Kings Blog

It’s never an easy night for Jason Thompson

Sacramento Kings forward Jason Thompson (34) reacts after fouling out of the game against the Memphis Grizzlies on Sunday, Nov. 30, 2014 at Sleep Train Arena in Sacramento.
Sacramento Kings forward Jason Thompson (34) reacts after fouling out of the game against the Memphis Grizzlies on Sunday, Nov. 30, 2014 at Sleep Train Arena in Sacramento. hamezcua@sacbee.com

It’s often said there are no easy nights playing point guard in the Western Conference.

Kings power forward Jason Thompson joked it’s no problem defending at his position, but he rarely draws an easy assignment.

Thompson is the Kings’ designated defensive nuisance. His next matchup is against Dallas All-Star Dirk Nowitzki on Tuesday night at Sleep Train Arena.

To begin the Kings’ six-game homestand last Wednesday, Thompson guarded Oklahoma City’s supremely athletic Serge Ibaka. Besides routinely contending for the Defensive Player of the Year honor, Ibaka has an improved offensive game that includes a three-point shot.

Friday, Thompson faced Denver’s Kenneth Faried, who pursues rebounds and runs the floor frenetically. Sunday, Thompson dealt with Cleveland’s Kevin Love, who can rebound, play in the post and shoot from three-point range.

After going against Nowitzki, Thompson will contend with Miami’s Chris Bosh on Friday and the Los Angeles Clippers’ Blake Griffin on Saturday. Then comes Monday’s game at Portland, where LaMarcus Aldridge awaits.

“I can’t say enough about how I much I respect the fact that he’s understanding where he is now, especially his role on this team, and taking that challenge to play those guys where it’s not a traditional kind of four (power forward),” Kings coach Tyrone Corbin said. “You have to get out on the floor. We ask him to show on pick-and-rolls. His runs are a lot longer; his activity is much more.”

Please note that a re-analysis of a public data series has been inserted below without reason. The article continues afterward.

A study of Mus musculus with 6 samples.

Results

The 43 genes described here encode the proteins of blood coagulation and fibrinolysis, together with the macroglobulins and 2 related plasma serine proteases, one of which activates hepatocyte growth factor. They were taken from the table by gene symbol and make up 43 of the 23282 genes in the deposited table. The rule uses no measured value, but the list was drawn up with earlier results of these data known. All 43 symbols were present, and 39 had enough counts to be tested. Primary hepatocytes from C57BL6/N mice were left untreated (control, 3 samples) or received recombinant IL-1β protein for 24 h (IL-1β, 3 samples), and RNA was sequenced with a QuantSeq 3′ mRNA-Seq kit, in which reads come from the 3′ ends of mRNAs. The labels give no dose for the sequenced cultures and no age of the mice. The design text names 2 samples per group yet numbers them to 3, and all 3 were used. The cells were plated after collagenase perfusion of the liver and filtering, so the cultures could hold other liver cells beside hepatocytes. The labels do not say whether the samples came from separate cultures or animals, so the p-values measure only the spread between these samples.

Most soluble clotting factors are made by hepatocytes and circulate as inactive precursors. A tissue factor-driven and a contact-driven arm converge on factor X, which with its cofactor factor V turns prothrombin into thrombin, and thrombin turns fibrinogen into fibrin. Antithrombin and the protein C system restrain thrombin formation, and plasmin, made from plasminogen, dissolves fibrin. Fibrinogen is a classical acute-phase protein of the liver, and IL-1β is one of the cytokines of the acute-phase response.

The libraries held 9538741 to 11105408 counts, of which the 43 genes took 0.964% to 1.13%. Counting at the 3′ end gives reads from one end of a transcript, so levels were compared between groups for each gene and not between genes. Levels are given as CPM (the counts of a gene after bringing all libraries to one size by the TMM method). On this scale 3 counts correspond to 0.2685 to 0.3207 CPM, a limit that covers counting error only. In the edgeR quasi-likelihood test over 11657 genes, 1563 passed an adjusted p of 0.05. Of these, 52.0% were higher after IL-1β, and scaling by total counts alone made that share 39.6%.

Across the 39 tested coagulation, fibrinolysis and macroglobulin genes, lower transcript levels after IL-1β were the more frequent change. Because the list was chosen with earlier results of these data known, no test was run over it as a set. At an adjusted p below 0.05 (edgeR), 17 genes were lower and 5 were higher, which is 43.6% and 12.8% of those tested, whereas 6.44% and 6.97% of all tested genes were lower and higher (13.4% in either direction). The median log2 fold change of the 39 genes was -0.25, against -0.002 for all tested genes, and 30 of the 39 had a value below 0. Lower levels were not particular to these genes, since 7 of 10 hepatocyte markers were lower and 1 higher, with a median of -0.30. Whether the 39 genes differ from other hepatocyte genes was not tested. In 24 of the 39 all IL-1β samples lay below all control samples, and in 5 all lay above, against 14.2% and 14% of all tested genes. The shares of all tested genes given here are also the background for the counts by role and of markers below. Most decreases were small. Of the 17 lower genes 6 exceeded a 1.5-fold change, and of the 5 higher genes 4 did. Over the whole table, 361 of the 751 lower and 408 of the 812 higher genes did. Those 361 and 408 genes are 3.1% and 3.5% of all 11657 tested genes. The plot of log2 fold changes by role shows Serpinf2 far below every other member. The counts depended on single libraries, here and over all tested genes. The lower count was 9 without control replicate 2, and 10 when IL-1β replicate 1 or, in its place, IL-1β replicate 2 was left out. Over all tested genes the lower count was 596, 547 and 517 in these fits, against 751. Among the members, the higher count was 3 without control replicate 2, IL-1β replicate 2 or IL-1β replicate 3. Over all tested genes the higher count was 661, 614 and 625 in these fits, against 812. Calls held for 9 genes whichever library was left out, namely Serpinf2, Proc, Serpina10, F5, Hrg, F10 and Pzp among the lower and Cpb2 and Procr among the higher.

Thompson has adjusted to his new role, which includes not being a primary option on offense. In past seasons, he wasn’t comfortable with a reduced offensive role. But it allows him to stay on the floor when he’s effective.

“It’s a little different,” Thompson said. “We’ve got a lot of guys that demand the ball a lot, so for me, taking the role of defending the other team’s best big, whether it’s a four or a five (center), it’s a little tougher than it’s been in years past, but you just kind of want to have an effect on the game.

“Some of the things I do might not show up on the stat sheet, but you just try to do all the little things to get your team a victory.”

But things haven’t gone entirely smoothly this season. He started the first 31 games before being benched for Ryan Hollins on Dec. 31 at Boston.

In what Corbin called a matchup decision, Thompson didn’t play against the Celtics, who had solid efforts by their bigs, Jared Sullinger and Kelly Olynyk. The Kings had one of their worst showings of the season in a 106-84 loss.

Thompson’s hiatus from the starting lineup lasted only two games. He has started 35 games this season.

Corbin said Thompson’s preparation has been vital to the Kings’ defensive success.

“He’s done a really good job for us and made us better on the defensive end because of his versatility and attention to detail,” Corbin said.

Thompson will be tested by Nowitzki, one of the toughest defensive assignments in the NBA. It’s not often a 7-footer is one of the best three-point shooters in NBA history.

Nowitzki is shooting 34.1 percent from beyond the arc this season. He also is adept at drawing fouls and can score in the post thanks to a fadeaway jumper that is nearly impossible to stop.

“It’s difficult to block his shot,” Corbin said. “He’s so long, first of all. He gets it off quickly; he can shoot it straight up in the air. You just have to make him work.”

Just another “easy” night for Thompson.

Follow The Bee’s Jason Jones on Twitter @mr_jasonjones and read more about the team at www.sacbee.com/kings.